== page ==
The ongoing tussle between Singapore and the Philippines over the hanging of a Filipina maid has exposed deepening rifts in the societal values and political systems of the six-member Association of Southeast Asian Nations (ASEAN). How the Singapore-Philippines row is resolved has real implications for the future unity of ASEAN.
On the surface, the controversy over Flor Contemplacion's execution does not appear extraordinary. Singapore's rigid and austere criminal system is famous for fining gum chewers, caning juvenile delinquents, and putting drug traffickers on death row.
Hence, the capital punishment handed down by Singaporean authorities for Ms. Contemplacion's murder of a fellow Filipina maid should be no surprise. But the haste and the judicial process by which her death sentence was reached reveals a growing incompatibility between Singapore and its ASEAN neighbors.
An emphasis on order
Led by Prime Minister Lee Kwan Yew, himself practically the self-appointed reincarnation of Confucius, Singaporeans have become spokesmen for the so-called ''Asian values.''
While chastising American versions of liberal democracy, individual freedom, and human rights, the Singaporeans have emphasized order, stability, consensus, discipline, filial loyalty, and deference to authority as vital ingredients for the economic success of East Asia.
But East Asia is changing. It confronts a host of challenges spawned by economic dynamism. Singapore has refused to permit the forces of change to manifest and jell with the existing order. Instead, it has been fighting back using ''Asian values'' as instruments for regime maintenance.
Singapore's crusade to repel Western culture seepage was easy when directed against the West. But the Contemplacion case pits authoritarian Singapore against a liberal democratic Philippines -- a neighbor and fellow ASEAN member.
Naturally, Filipinos nationwide are outraged by the summary execution of Contemplacion, without a due process of law to consider new evidence. Under the guise of order and discipline, Singaporean officials did not budge one inch to Philippines President Fidel Ramos's plea for a delay in the hanging.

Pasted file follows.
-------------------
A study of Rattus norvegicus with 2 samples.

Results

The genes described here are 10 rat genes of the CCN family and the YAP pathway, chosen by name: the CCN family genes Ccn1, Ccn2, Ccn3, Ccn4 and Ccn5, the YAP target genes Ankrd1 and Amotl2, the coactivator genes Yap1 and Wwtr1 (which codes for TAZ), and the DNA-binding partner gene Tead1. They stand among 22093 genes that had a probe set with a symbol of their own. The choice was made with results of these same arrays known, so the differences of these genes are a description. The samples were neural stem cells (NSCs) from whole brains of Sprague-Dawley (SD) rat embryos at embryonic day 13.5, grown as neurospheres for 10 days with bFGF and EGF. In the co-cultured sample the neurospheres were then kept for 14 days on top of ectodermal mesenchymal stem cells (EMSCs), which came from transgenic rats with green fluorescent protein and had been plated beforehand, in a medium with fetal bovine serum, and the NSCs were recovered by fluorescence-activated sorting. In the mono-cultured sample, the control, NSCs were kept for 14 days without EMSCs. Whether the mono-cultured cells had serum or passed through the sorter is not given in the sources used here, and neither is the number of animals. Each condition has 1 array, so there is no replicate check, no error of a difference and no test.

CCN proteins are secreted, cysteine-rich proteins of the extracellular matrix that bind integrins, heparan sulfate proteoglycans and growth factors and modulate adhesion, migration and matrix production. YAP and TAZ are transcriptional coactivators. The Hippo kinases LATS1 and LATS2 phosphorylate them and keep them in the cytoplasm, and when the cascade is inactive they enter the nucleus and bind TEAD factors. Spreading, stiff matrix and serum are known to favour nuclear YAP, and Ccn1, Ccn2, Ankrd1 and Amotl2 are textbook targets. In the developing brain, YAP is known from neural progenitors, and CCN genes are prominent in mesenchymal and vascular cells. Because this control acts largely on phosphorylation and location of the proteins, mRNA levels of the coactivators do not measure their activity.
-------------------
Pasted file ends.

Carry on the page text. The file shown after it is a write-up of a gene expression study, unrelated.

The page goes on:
While such stern authoritarian acts are bound to get Singapore into future scrapes with other local countries, the hanging forebodes future problems for ASEAN. With Vietnam becoming the official seventh member this July, ASEAN will have a widely divergent set of societal values and political systems.
On the one hand, there will be the liberal democratic model of the Philippines and democratizing states in Thailand and Malaysia.
On the other, the authoritarian regimes in Singapore and Indonesia face mounting pressure to loosen their grips as sustained economic growth stimulates wider political participation of their citizenries.
Vietnam, meanwhile, still resembles a totalitarian state ruled by its Communist Party. Brunei is effectively feudal. The views of these countries toward basic concepts of government, including ''due process of law,'' are irreconcilably different.
But incompatible political and social systems may be the least of ASEAN's immediate problems. The 28-year-old organization faces the challenges of enlargement, to incorporate Vietnam and eventually Laos, Cambodia, and Burma.
Rivalry and uncertainty
An enlarged ASEAN will have to synchronize the lethargic ASEAN Free Trade Area with the new members. Apart from AFTA, ASEAN is being challenged by external forces, particularly the Asia-Pacific Economic Cooperation. The proposed free-trade area for APEC could well render AFTA irrelevant.
These foregoing challenges are taking place in an ominous air of uncertainty in the security field. With its spectacular economic development, Southeast Asia does not have an effective vehicle to handle perennial rivalries and territorial conflicts. The yawning gap between continued growth and the absence of a security framework is fanning an unprecedented arms buildup in the region.
At a time when ASEAN members need to hunker down, hammer out their fundamental differences and deal with challenges within and without, Singapore's self-serving and unjust hanging of Flor Contemplacion threatens future ASEAN cohesion.